In responding, Geithner seemed to focus on Crowley's concerns about future compensation limits rather than "clawing back" AIG bonuses.
"I just want to point out that compensation practice across the financial services industry ... just got out of whack with basic fundamentals, and people were paid for risks that weren't captured in compensation," he said at the time. "And part of what we do to make sure this kind of crisis doesn't happen in the future is to change those basic incentives, and there's going to be a role for government in doing that."
A Treasury Department spokesman reiterated that Geithner was not aware of the "full extent" of the retention payments until March 10.
"There has been information in the public arena about AIG's retention bonuses for many months, including information about particular bonuses to employees of the financial products division," said Treasury spokesman Isaac Baker. "However, although Congressman Crowley raised the issue of the bonuses three weeks ago, Secretary Geithner was not aware of the timing or full extent of the contractual retention payments or the other bonus programs until his staff brought them to his attention on March 10."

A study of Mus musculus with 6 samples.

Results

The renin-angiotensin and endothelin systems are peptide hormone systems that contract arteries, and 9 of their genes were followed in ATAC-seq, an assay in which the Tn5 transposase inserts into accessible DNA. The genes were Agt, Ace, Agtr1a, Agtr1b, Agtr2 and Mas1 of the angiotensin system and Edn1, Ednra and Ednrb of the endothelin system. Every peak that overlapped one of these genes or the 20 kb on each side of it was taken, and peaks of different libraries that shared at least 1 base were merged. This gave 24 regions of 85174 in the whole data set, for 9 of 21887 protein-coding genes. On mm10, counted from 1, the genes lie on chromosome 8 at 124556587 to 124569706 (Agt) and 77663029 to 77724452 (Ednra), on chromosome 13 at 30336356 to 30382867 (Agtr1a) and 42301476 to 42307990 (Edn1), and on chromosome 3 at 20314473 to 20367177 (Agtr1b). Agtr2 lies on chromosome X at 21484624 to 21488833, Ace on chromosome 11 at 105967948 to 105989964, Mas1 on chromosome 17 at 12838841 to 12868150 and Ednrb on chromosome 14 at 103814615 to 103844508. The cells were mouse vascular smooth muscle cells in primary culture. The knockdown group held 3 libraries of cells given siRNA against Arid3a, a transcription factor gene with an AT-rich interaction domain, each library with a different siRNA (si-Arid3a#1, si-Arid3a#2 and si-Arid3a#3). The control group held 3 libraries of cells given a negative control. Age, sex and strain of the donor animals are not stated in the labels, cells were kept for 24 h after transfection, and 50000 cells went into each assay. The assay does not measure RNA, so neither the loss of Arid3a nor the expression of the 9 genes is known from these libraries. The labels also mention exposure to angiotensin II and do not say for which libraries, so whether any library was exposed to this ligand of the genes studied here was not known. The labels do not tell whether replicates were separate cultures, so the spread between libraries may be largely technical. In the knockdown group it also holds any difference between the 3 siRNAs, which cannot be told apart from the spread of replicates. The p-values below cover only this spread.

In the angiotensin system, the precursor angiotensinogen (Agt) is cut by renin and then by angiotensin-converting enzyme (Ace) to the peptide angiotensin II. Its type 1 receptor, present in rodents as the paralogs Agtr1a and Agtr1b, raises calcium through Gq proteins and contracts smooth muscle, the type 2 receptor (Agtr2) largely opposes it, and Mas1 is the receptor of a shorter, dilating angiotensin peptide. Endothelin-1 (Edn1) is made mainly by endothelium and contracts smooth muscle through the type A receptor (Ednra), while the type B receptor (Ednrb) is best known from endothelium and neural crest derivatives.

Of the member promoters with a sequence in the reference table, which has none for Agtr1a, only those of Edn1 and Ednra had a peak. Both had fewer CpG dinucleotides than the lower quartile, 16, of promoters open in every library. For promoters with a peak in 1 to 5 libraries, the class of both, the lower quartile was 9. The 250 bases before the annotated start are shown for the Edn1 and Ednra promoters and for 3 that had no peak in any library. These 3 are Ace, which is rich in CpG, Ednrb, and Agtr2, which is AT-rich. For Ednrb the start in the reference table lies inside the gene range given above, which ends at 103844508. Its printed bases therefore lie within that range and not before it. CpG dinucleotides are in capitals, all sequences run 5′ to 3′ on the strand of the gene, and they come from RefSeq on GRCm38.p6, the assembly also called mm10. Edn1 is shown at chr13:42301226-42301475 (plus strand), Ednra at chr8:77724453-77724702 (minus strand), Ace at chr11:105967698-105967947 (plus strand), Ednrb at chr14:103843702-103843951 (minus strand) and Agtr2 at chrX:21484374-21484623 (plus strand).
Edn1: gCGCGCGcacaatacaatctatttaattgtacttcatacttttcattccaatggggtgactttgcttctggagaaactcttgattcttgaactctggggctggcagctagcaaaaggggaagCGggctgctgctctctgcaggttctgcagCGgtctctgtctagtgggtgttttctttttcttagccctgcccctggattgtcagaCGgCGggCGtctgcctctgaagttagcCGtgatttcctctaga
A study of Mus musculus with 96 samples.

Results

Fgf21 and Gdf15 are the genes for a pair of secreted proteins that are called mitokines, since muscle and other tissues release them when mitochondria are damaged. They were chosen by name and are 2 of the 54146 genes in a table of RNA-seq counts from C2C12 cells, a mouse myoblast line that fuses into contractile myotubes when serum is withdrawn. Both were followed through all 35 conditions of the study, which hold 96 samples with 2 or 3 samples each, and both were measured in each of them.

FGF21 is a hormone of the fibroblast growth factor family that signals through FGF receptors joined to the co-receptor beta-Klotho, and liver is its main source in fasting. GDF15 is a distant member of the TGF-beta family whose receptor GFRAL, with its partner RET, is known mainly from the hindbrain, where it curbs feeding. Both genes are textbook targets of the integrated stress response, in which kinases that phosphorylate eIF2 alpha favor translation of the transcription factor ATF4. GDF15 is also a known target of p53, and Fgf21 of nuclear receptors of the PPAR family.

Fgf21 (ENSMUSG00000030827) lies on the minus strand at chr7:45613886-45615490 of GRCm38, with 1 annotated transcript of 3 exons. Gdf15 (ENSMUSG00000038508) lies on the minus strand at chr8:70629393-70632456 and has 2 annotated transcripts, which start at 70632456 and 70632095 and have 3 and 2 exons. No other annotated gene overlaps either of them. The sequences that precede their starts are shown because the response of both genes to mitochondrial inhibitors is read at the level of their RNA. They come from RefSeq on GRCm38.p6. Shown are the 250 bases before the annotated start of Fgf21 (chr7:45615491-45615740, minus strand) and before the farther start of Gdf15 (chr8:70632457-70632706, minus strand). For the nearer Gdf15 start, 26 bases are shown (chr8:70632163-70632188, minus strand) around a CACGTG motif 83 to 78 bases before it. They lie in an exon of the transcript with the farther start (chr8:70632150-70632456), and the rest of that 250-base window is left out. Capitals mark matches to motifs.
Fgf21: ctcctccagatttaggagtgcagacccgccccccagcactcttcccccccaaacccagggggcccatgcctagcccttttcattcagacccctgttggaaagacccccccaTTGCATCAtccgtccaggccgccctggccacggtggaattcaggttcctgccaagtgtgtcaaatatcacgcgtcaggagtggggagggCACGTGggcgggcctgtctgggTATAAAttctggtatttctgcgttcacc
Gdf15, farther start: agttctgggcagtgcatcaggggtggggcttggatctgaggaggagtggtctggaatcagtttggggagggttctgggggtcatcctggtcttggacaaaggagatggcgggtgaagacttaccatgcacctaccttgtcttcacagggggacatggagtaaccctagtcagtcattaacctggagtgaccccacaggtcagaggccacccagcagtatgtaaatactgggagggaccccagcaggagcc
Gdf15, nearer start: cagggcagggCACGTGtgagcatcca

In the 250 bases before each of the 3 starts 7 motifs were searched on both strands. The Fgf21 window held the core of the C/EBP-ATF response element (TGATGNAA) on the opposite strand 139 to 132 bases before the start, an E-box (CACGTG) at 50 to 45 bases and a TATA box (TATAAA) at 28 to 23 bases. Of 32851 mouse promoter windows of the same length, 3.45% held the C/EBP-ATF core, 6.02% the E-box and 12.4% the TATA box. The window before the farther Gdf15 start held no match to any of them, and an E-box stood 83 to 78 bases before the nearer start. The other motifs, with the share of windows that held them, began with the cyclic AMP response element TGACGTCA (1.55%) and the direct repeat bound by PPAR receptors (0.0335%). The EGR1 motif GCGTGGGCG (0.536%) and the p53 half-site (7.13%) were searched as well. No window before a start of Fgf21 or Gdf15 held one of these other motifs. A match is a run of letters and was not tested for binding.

Once briefed, the spokesman said, Geithner consulted with the Federal Reserve and called Liddy to insist that the bonuses be renegotiated.
"At the president's direction, he is exploring all legal means to recoup the retention bonuses and ensure that taxpayers are compensated for any payments not recovered," he said. "Knowing about these 2008 retention payments any earlier wouldn't have changed the outcome, given the legal restraints, but Secretary Geithner is already working with AIG to restructure the 2009 payments going forward."
With reports from ABC News' Jonathan Karl.